Sylvester Stallone wins copyright infringement case
Marcus Webb claimed that Stallone's screenplay for "The Expendables" was plagiarised from his own work called "The Cordoba Caper" which was also about a group of American mercenaries on a Latin-American rescue mission, the New York Post reported.
In legal papers, Webb apparently claimed that both stories had 20 "striking similarities". Stallone claimed he never saw Webb's script.
The 66-year-old "Rocky" star said that he based his draft on a script called 'Barrow' by David Callaham who ultimately received co-writer credit for "The Expendables".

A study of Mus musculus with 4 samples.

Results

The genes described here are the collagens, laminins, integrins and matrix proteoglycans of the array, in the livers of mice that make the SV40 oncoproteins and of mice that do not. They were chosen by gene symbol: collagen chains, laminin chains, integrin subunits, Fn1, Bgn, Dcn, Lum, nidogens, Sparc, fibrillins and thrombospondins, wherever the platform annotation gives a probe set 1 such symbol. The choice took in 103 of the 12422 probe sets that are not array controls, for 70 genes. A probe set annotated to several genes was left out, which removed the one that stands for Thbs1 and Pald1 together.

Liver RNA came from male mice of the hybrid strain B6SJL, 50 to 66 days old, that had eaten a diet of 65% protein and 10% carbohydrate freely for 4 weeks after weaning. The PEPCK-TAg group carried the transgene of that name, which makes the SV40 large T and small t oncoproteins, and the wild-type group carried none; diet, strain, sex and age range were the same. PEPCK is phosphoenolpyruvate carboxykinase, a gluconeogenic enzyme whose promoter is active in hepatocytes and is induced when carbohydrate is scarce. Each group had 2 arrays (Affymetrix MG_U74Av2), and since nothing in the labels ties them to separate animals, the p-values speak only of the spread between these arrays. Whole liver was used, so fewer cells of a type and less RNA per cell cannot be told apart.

One of the similarities was that both screenplays featured a villain named General Garza but the judge noted that "Garza is a common Hispanic surname."
US District Judge Jed Rakoff found Webb's arguments not persuasive at all in his 18-page decision.
"The Court has carefully examined the entire litany of plaintiff's proffered 'striking similarities' and finds none of them remotely striking or legally sufficient. Any reasonable fact-finder would have to conclude that these are two very different screenplays built on a familiar theme: mercenaries taking on a Latin American dictator."
The court dismissed the case on summary judgement, meaning that there was not enough evidence in the initial stages to necessitate bringing the dispute before a jury.
"The Expendables" has proved to be a profitable movie franchise for Stallone. After the success of the first film, which premiered in August 2010, a sequel followed in August of this year. Production on "The Expendables 3" is scheduled to begin next year.